General News

New data from the U.S. Energy Information Administration shows the wind industry is stronger than ever. The amount of installed wind energy overtook hydroelectric for the first time at the end of 2016, to lead U.S. renewable energy capacity.

That news follows a December report from the Bureau of Labor Statistics which projects wind turbine technician is the fastest growing occupation for 2014-2024.

A battle over the impact of a big hog farm on rural home values in Bartholomew County will go before the Indiana Board of Tax Review – but it will not lead to the broader regulatory changes some residents had hoped for.

On Tuesday, county officials denied individual property tax appeals from a group of neighbors who live near a concentrated animal feeding operation, or CAFO, in the town of Hope.

Sarah Fentem / WBAA

On Wednesday, Melissa Gruver’s roommates found a letter informing them she was going on strike for the day—not only from work—but from responsibilities at home, too.

“We strike because we recognize none of the civil liberties we enjoy today would have been possible without immeasurable hours women have spent on streets, in kitchens and factories—in the past fighting for our rights,” the letter read.

Patrick Finnegan / https://www.flickr.com/photos/vax-o-matic/

The West Lafayette City Council is considering a resolution that would declare West Lafayette a safe haven for immigrants.

The resolution seeks to discourage city employees from assisting authorities in investigating a person’s immigration status, unless required by a court order.

The resolution stops short of designating Lafayette a so-called “sanctuary city,” a term that has become popular when referring to cities that refuse to assist federal entities with deportation of undocumented people.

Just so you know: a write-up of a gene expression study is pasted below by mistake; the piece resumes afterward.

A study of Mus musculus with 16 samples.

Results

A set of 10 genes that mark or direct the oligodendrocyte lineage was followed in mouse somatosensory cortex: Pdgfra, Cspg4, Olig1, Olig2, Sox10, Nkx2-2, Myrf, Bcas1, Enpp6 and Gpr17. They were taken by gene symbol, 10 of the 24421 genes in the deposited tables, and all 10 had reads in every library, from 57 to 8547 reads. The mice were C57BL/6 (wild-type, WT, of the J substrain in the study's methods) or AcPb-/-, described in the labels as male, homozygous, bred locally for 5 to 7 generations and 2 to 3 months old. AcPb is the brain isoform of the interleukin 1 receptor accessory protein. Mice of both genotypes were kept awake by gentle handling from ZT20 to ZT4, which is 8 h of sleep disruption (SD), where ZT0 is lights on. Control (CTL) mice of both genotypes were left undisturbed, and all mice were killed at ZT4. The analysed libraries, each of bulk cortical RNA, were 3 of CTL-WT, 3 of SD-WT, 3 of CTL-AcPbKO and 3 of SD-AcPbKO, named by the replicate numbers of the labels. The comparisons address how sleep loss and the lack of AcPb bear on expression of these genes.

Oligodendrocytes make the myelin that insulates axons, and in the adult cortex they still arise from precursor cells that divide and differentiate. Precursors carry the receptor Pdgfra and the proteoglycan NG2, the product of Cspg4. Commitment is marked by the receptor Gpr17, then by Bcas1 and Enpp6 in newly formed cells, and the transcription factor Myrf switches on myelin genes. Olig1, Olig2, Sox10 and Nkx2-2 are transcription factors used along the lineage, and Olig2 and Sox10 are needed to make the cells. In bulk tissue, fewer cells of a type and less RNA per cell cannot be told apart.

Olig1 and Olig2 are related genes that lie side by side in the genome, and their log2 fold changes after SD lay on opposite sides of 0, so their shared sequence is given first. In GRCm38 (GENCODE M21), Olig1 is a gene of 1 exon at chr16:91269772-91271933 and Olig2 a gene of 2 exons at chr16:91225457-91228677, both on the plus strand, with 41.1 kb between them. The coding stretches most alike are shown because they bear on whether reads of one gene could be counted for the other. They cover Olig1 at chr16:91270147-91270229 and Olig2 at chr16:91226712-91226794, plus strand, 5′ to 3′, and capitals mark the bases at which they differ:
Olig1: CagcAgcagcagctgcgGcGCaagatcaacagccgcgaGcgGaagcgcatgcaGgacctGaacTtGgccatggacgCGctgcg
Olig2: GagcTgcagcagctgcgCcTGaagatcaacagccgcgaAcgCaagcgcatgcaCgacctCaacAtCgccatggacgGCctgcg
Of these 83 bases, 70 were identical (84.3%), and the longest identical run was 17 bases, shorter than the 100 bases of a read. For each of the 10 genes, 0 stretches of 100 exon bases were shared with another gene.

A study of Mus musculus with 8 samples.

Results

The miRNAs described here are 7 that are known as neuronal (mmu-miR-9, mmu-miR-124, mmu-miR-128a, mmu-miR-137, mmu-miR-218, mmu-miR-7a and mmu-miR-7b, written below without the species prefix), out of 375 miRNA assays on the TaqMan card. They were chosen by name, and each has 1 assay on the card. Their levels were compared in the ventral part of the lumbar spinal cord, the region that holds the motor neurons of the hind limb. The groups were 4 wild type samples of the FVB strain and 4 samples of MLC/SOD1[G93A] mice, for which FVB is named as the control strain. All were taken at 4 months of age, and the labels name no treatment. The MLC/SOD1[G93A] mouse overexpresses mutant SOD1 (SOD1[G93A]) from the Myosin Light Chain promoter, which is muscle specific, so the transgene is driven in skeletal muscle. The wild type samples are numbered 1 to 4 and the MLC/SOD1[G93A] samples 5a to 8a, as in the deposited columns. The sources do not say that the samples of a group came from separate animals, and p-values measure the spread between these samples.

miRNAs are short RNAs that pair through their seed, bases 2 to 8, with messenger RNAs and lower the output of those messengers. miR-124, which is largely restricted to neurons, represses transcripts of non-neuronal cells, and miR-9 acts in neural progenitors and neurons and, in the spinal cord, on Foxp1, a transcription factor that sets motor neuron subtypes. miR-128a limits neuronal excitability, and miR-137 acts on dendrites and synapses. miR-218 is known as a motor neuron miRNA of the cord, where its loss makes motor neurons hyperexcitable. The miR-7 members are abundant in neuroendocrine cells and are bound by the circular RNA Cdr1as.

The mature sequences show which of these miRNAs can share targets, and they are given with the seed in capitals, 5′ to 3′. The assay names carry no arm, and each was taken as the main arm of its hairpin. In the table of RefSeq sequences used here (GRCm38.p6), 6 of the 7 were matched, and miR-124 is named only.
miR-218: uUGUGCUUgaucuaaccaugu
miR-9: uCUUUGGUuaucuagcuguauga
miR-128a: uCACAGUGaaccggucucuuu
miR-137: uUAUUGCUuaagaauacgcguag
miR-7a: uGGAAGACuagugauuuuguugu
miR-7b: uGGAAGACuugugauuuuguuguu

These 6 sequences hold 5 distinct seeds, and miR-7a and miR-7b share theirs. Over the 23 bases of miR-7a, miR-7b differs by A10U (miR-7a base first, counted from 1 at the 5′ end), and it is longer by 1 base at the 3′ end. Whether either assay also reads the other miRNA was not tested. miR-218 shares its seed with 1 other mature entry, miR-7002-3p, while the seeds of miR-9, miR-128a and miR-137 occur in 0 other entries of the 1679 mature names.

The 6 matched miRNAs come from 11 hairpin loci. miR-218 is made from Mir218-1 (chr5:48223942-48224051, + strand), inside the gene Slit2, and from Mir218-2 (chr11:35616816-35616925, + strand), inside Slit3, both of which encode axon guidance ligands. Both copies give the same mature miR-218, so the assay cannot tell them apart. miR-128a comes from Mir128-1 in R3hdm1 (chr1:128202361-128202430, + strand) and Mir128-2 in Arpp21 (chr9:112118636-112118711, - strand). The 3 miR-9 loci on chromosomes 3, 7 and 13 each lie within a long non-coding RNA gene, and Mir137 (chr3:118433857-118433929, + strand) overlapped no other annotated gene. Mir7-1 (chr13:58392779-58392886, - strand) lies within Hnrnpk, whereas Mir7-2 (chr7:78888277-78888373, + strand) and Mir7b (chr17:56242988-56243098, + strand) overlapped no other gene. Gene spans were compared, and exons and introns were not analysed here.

J.D. Gray / IPBS

A Jewish congregation in Bloomington is stepping up security after bomb threats have targeted Jewish communities across the nation.

A hoax bomb threat shut down the Jewish Community Center in Indianapolis earlier this week, as well as Jewish Community Centers and schools in several other states.

Bloomington’s Congregation Beth Shalom hasn’t been the target of recent threats, but the community is trying to be proactive. They’re instituting a locked door policy, except for during services.

State, Local Split Of Road Money Unlikely To Change

Mar 3, 2017

 

Nearly 90 percent of Indiana’s roads are maintained by counties, cities and towns, yet those local units get less than half of the state’s primary road funding dollars.

And that’s unlikely to change in this session’s road funding plan.

Purdue University Latino Cultural Center / Facebook

The space now occupied by the Purdue Latino Cultural Center is slated to become a fraternity parking lot.

Purdue Research Foundation officials say Purdue’s Phi Gamma Delta chapter purchased the land the LCC occupies and plans to expand into the lot.

The LCC will be forced to relocate to a smaller house a couple blocks closer to campus academic buildings early next semester.

State Rep. To DeVos: Hire More Educators On Your Staff

Mar 2, 2017

Indiana Rep. Melanie Wright (D-Yorktown) sent a letter to Secretary of Education Betsy DeVos Thursday, asking for DeVos to hire more educators on her staff.

Wright’s letter asks DeVos to hire a deputy secretary with extensive experience in public schools. She says this request follows up on concerns expressed during Betsy Devos’ confirmation hearing: Devos has no experience in public education, which she now oversees.

In East Chicago, Indiana, federal officials have approved a plan to allow involuntary relocation of families who remain in lead-contaminated public housing beginning on April 1.

These would be considered “emergency transfers” to units that have been inspected for lead in East Chicago and, in Illinois, Cook County and Chicago. Families would stay in these units while they kept looking for permanent housing, still using the same rent vouchers and other HUD-provided counseling and resources.


 

With some federal lawmakers aiming to repeal the Affordable Care Act, state legislative leaders say the future of Indiana’s health care program, HIP 2.0, is uncertain.

U.S. Sen. Todd Young (R-Ind.) visited the Statehouse last week. And State House Speaker Brian Bosma says one of the things Young talked about was federal health care reform.